Much Ado About Nothing (June 7)
Director: Joss Whedon
Cast: Amy Acker, Alexis Denisof, Nathan Fillion, Clark Gregg, Reed Diamond, Fran Kranz, Sean Maher, Spencer Treat Clark
Distributor: Roadside Attractions

Box Office Outlook: Joss Whedon's follow-up to "The Avengers" will be lucky to manage what that film made in its first few hours of release, and probably happy with that number. Shot over 12 days at his Los Angeles home, the film, shot in black and white and starring many of his close friends, this reworking of The Bard's classic comedy in modern day is about as far away from the excess of Marvel's multiple-film master plan as possible. And it doesn't come with anything close to that film's financial risk. Our bet is it will do quite nicely within its own expectations, using strong reviews and Whedon's appeal to gross $10 million or more.

The Way, Way Back (July 5)

Director: Jim Rash, Nat Faxon
Cast: Sam Rockwell, Steve Carell, AnnaSophia Robb, Amanda Peet, Toni Collette, Allison Janney, Maya Rudolph, Liam James
Distributor: Fox Searchlight

Box Office Outlook: Possibly the indie release with the biggest risk coming with it this summer, Fox Searchlight paid nearly $10 million for Jim Rash and Nat Faxon's directorial debut "The Way, Way Back" at Sundance, by far the most of any film at the festival. But the summer vacation family portrait should fit nicely as some midsummer counter-programming, though it's hard to say just how nicely. Our cautious bet is the film will make back the $10 million, though there's loads of potential for it to go farther.

Blue Jasmine (July 26)

Director: Woody Allen
Cast: Cate Blanchett, Alec Baldwin, Sally Hawkins, Louis CK, Bobby Cannavale, Andrew Dice Clay, Peter Sarsgaard
Distributor: Sony Pictures Classics

Box Office Outlook: Woody Allen is generally as inconsistent creatively as he is at the box office, though his last two films -- "Midnight in Paris" and "To Rome With Love" -- were definite hits, grossing $57 million and $17 million respectively. Both were released by Sony Classics, and the distributor seems to have figured out summer is best time for Allen films to find their widest audiences. Will that continue with "Blue Jasmine," which features an extremely promising cast (though don't they all?), though is perhaps less sexy from a marketing perspective (though we don't really know much about it yet.  Our bet? Cautiously suggesting it will fall somewhere below Allen's last two efforts, at least grossing a solid $9 million.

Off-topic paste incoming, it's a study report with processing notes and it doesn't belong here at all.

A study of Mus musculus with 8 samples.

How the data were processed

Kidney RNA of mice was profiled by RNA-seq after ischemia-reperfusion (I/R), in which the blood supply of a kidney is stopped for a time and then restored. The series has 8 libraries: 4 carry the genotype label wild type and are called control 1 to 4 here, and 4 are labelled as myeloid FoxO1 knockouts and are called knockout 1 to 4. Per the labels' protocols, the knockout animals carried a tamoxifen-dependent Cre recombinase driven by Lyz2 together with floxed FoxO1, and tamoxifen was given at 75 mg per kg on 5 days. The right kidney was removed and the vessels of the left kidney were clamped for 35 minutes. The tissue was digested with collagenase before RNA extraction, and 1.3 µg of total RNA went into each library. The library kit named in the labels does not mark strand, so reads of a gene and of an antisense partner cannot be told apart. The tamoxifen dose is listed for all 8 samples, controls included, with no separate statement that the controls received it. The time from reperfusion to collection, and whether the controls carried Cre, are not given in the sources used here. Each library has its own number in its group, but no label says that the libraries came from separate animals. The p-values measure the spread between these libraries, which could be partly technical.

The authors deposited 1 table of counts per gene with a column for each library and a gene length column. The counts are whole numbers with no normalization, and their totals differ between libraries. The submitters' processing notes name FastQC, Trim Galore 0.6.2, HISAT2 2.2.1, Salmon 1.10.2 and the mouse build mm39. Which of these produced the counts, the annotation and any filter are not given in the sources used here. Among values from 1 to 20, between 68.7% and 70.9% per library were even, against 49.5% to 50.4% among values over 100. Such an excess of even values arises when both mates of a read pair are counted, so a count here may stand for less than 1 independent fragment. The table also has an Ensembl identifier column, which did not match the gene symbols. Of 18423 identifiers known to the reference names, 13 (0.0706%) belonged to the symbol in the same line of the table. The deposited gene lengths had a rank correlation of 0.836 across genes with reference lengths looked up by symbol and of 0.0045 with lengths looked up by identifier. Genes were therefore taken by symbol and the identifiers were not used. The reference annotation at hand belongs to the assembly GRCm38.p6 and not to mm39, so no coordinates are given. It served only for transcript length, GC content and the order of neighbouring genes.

Fruitvale Station (July 12)

Director: Ryan Coogler
Cast: Michael B. Jordan, Octavia Spencer, Melonie Diaz, Ahna O'Reilly, Kevin Durand, Chad Michael Murray
Distributor: The Weinstein Company

Box Office Outlook: Following a very similar trajectory to last year's "Beasts of the Southern Wild," The Weinstein Company's newly re-named "Fruitvale Station" is going from Sundance Grand Jury Prize winner to international premiere in Cannes to summer release in a strategy the Weinsteins surely want to end -- like it did with "Beasts" -- with some Oscar noms early next year.  It's all very possible, as is a gross close to the $10 million "Beasts" managed last summer (before adding a few more million in awards season re-release). Our bet? The Ryan Coogler-directed film grosses at least $8 million, and indeed sets itself up as one of the summer's biggest award season hopefuls.

The Spectacular Now (August 2)

Director: James Ponsoldt
Cast: Miles Teller, Shailene Woodley, Brie Larson, Jennifer Jason Leigh, Mary Elizabeth Winstead, Kyle Chandler
Distributor: A24

Box Office Outlook: A24's other youth-focused summer release is Sundance pickup "The Spectacular Now," with up-and-comers Miles Teller and Shailene Woodley (who won acting prizes at Sundance for the film) as a freewheeling high school senior and the nice-girl female introvert he attempts to "save." This film should tap into the audience that made "The Perks of Being a Wallflower" a hit last fall, and help continue the rise of its young actors. Our bet is a gross of $8 million or more.